The EMEN project’s #UnlockingDiversity series comes to an end with its fourth webinar: Corporate Social Responsibility support in times of crisis!

On the 29th of July took place the fourth and last webinar of the Unlocking Diversity series, “Corporate Social Responsibility support in times of crisis”. The event was organized by UNITEE in collaboration with Social Impact.

The online event started with a presentation of Prof. Nikolay Dentchev on the topic of what Corporate Social Responsibility (CSR) is and what the potentials for the sector are.

The European Commission’s definition of CSR is “the responsibility of enterprises for their impact on society”. Prof. Dentchev explained that CSR drives the attention away from the economic dimension to the social end ecological impact of a venture to stakeholders and society. He underlined that it is a voluntary act.

Even if we often talk about the importance of CSR for large organisations, it should not be forgotten that it is a crucial choice also for small and medium-sized companies, NGOs and governments. Regarding Prof. Dentchev understanding, all organisations should be socially responsible and attentive to continuous improvement.

Why would organisations pay attention to CSR? Many believe that there is a link between social and financial performance, but this is not why so many turns to CSR. According to Prof. Dentchev, CSR is implemented because it is good to do so, not because of a business rationale.

Other factors beneficial created by CSR:

–          Promoting a better relationship with stakeholders and strengthen their fidelity;

–          The trust in the company will increase;

–          Contribution to the creation of a positive image;

–          The company may be able to see new efficiency and effectiveness;

–          Helping in costs savings, risk management, and differentiation;

–          Improvement of product, services and processes.

Many companies believe that there is not enough time nor budget for CSR. However, especially in times of crisis, it is crucial that firms, especially the large ones, act responsibly.

At the same time, being honestly involved in CSR initiatives exposes each organization to risks which are both organisational and relational (in particular: legitimacy destruction, issue ownership, poor risk communication).

Prof Dentchev, concluded by saying that there is the need to build a CSR ecosystem: it is important to see how others manage diversity, inclusiveness and the continuous improvement; to be involved with social entrepreneurs; to learn from others and be involved with experts from large international CSR ecosystems.

The online event continued with a concrete example of CSR: The Human Safety Net project implemented by Generali in Germany. It was presented to the audience by  Patrick Hoffmann.

The Human Safety Net results from the CSR activities of Generali. In 2016, the company started to develop a new strategy to connect all the communities in Europe and have a common plan for sustainable running the business.

Generali identified that start-up support for refugees is still underestimated. The mission of The Human Safety Net is therefore to unlock the potential of people living in vulnerable circumstances so that they can transform the lives of their families and communities.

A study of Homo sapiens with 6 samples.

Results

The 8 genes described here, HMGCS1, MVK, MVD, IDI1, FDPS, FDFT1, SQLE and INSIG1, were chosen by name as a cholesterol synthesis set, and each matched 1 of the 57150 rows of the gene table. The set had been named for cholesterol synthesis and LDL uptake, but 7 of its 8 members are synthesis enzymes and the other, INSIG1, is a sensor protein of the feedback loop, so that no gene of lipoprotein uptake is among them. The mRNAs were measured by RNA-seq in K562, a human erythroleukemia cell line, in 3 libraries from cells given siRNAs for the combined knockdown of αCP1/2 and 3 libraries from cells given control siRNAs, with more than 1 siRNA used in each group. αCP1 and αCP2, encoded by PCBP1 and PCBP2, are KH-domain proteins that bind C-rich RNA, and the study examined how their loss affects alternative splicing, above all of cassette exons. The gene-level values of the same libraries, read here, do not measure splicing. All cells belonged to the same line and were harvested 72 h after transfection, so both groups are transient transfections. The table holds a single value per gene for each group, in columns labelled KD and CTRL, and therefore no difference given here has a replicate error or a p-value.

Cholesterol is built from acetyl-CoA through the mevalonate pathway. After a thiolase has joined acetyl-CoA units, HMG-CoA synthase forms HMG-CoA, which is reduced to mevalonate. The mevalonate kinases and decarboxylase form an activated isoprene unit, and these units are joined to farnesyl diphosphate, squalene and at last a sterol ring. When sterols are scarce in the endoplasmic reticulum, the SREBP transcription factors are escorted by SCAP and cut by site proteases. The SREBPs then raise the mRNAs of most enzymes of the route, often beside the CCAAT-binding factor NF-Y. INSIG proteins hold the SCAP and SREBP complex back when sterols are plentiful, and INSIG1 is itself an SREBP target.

Generali decided to cooperate with 13 NGOs helping refugee entrepreneurs in 4 countries (France, Italy, Germany and Switzerland) and 14 cities: Social impact is one of them. A few principles and activities that all the organisations have in common are training, coaching, spaces and creation of communities and funding.

The results are impressive: 683 refugees have been involved and 101 start-ups created.

Moreover, Patrick Hoffmann presented 5 ways to connect migrant entrepreneurship with CSR:

–          People, by corporate volunteering

–          Product, by impact investing

–          Network, by connections with public institutions and private sector

–          Spaces, by physical footprint

–          Voices, by corporate brand and communication

The third speaker was  Jan Noterdaeme, from CSR Europe, the leading European business network for Corporate Sustainability and Responsibility. With its corporate members, National Partner Organisations (NPOs), and Associated Partners, CSR Europe unites, inspires & supports over 10,000 enterprises at local, European and global level.

Jan Noterdaeme explained that CSR starts on a very individual level: the women and men that have chosen to work in these organisations. At the beginning CSR Europe merely represented 10 companies, now it is a European wide organisation with 41 national and regional networks.

He stated that CSR could also stand for a “Common Sense Revolution”, as we all wish the same things: to live in a good, safe and equal place. CSR is a way to achieve this.

While CSR now is voluntary at the present state, he suggests that there will be no choice in the future: we all need to do something for the situation in which we are living, Mr Noterdaeme said that “We must care. We have the duty to collaborate if we want to make an impact and bring some change”. There is a need for more volume for CSR and for further collaboration to make a real impact.

All the speakers agreed on the fact that CSR could be a great opportunity for migrant entrepreneurs and aspiring entrepreneurs, as it can provide funding and training opportunities, as well as mentoring and support during the start-up and all life cycle of the enterprise.

The online event ended with a Q&A on these topics! You can find the result of the graphic illustrator, Eva Feutcher, below!